Travel agencies who want long-term customers should focus on what is best and most relevant to their clients –– rather than on selling them specific products and services.
That’s the way to create deeper loyalty that’s built on an emotional connection, instead of mere superficial or behavioral loyalty, said Bryan Pearson, author of the upcoming book The Loyalty Leap: Turning Customer Information into Customer Intimacy.
Travel Market Report spoke with Pearson to learn how travel agents can build deeper, longer-term relationships with clients. Pearson is president of LoyaltyOne, which operates the AIR Miles Reward Program, a travel and entertainment rewards program in Canada.
Is long-lasting loyalty hard to achieve?
Pearson: With most companies, there is a lot of behavioral loyalty and not enough emotional loyalty. With behavioral loyalty, a customer can be completely satisfied. But true loyalty is when somebody continues to spend with you, (despite) some very meaningful and available alternatives.
What do you mean?
Pearson: If I can go left or right for gas and I choose consistently to turn left for gas, even though I have to cross traffic in order to pull into that gas station, I’ve got a higher level of loyalty to that gas retailer. That’s emotional loyalty.
So what you want to do is figure out how you build the customer experience, around all the aspects of how a customer would use your products and services, in a way that you start to build emotional loyalty.
Why is it harder to drive emotional loyalty than behavioral loyalty?
Pearson: Most companies are product- or operationally-centric as a model. They focus on: how am I going to differentiate my product, or how am I going to drive greater efficiencies in the business?
In most industries, there is going to be one (company) who is going to be the clear-cut innovation leader or price leader. In technology, for example, there’s only going to be one Apple.
If you look at price, there’s only going to be one Wal-Mart. If you’re going to compete on price, which is ultimately about operational efficiency, there’s always going to be somebody who is able to and willing to go deeper on pricing than you will.
So for most companies, the way they have to compete is foundationally around customer intimacy and the relationship.
How can a travel agency differentiate its customers’ experience to drive emotional loyalty?
Pearson: You can differentiate around how the interaction with the customer happens at the front line.
We like to talk about the three R’s of loyalty –– reward, recognition and relevance. To reward a customer you can give them a discount or points in a loyalty program.
But while rewards are very useful in making a connection, the reality is that it creates behavioral loyalty. If a competitor also comes up with a loyalty program, the risk is that you begin a dog fight over whose program has the higher value.
What’s a better alternative?
Pearson: Where reward drives behavioral loyalty, recognition starts down the route of driving emotional loyalty. It drives a higher level of engagement.
You’d be shocked at how many times you are a best customer of a business and you have no idea (because) the company has never reached out to you to say, ‘You’re one of my best customers.’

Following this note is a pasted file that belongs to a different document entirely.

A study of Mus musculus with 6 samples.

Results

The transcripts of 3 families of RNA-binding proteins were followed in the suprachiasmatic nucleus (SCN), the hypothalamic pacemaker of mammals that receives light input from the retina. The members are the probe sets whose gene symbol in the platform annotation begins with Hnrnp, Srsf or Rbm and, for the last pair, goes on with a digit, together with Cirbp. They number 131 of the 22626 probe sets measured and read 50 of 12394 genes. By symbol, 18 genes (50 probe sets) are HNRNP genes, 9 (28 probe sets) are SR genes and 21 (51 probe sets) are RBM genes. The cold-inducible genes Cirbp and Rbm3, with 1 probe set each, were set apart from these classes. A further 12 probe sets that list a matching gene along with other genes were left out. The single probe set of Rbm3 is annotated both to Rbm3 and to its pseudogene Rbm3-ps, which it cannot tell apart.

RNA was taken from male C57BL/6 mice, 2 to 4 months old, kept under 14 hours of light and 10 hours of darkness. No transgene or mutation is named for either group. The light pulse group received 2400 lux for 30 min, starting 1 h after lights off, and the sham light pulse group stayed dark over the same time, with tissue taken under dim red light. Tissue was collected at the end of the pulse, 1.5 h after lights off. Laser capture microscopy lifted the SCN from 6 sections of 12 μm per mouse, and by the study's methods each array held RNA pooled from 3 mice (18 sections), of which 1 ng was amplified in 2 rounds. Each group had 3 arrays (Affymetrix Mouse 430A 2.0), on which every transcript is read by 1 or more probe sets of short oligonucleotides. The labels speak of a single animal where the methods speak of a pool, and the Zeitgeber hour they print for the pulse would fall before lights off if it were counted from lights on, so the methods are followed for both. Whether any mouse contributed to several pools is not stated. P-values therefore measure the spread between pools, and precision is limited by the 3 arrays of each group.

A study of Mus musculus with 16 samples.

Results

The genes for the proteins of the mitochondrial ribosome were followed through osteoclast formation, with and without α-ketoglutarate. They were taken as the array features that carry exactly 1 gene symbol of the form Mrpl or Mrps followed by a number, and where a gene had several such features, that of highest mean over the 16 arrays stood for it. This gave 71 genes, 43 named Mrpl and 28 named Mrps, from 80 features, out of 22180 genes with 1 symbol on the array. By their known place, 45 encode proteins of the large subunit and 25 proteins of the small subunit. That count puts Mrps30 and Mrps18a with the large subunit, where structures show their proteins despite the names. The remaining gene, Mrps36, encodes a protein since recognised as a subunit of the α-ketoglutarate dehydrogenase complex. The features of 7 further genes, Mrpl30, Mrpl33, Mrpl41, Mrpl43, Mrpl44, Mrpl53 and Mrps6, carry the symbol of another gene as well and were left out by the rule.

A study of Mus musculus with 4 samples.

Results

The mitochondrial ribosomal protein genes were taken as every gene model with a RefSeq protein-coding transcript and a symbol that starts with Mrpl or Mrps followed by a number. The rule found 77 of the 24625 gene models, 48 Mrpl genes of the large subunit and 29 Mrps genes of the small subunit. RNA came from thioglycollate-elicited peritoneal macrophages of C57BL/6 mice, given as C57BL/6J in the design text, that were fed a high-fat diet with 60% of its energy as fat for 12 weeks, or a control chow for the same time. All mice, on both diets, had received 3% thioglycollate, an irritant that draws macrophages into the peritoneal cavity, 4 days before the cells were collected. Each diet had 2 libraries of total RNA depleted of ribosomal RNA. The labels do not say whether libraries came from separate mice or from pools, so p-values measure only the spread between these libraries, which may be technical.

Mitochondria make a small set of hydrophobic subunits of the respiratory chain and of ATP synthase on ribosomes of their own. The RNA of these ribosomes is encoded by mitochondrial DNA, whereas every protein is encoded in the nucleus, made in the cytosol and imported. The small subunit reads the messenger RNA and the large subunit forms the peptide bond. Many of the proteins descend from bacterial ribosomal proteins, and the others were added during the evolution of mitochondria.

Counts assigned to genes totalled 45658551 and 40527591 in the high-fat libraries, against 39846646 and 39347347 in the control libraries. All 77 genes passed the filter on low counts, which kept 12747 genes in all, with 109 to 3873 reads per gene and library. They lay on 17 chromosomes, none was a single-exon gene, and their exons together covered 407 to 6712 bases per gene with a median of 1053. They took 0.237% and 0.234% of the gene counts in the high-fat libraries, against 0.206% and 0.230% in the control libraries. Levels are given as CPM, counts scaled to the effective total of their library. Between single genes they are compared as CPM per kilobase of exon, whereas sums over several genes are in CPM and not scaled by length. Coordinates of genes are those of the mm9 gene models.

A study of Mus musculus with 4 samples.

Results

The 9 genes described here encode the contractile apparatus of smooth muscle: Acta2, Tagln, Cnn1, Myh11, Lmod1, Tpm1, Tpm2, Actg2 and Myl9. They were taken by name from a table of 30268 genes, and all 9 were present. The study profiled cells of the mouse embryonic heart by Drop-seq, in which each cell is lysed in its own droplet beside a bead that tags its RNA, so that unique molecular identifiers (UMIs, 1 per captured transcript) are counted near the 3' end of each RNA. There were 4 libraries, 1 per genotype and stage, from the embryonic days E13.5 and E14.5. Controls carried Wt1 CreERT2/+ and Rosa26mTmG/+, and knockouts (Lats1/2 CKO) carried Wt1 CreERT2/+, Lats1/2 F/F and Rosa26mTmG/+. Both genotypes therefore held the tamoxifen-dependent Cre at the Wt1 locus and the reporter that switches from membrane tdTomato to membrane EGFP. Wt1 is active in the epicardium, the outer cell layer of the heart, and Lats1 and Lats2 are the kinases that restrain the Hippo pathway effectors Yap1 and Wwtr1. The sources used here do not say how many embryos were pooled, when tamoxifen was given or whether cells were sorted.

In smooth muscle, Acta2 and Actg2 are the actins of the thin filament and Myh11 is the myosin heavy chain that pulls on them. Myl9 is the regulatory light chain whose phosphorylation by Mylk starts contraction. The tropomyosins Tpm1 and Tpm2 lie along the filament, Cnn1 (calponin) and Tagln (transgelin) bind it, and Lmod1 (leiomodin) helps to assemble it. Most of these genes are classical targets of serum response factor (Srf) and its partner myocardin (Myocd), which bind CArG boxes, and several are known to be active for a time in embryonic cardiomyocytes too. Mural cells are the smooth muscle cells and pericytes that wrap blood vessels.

Recognition is a very simple thing to do. But relevance is the area you should focus most on, especially for travel agents.
What do you mean by relevance and why is it so important?
Pearson: So much communication that comes from companies is built from, ‘What do I have to sell?’ and, ‘What are my specials being pushed out to customers?’
That’s as opposed to looking at the customer first, then backing into the products and services I have available, and then tailoring the offer to what I know about those customers.
If eight of the 10 vacations I’ve purchased from you were cruises, then clearly there is an opportunity for you to fine tune your communications to me based on that knowledge.
Past behavior is a strong predictor of future behavior. So relevance is probably the biggest lever that exists.
So relevance and customer communication should be closely linked?
Pearson: Meaningful communication is about targeting offers based on the history of clients’ activity.
Relevance also includes communicating to the consumer through a channel they’re interested in – email, text message, direct mail.
How can travel agents make their communications more relevant?
Pearson: Step back and ask yourself the question: who would this really be relevant to? Look at: it is a great offer; who would it be absolutely perfect for? Then figure out how to communicate it in a way which will really cause them to pay attention.
We know that if you can take the content you have and put it in a contextual environment that resonates with the customer, you can double the response rates you get from a campaign.
Can you give an example?
Pearson: You could put a cruise offer in a generic email that goes out once a week from your travel agency that lists what your specials are. Or you could take the same cruise offer that is embedded in the generic email and put it in something that really rings out cruising. That would appeal to people who love cruises and it is going to be more relevant to them.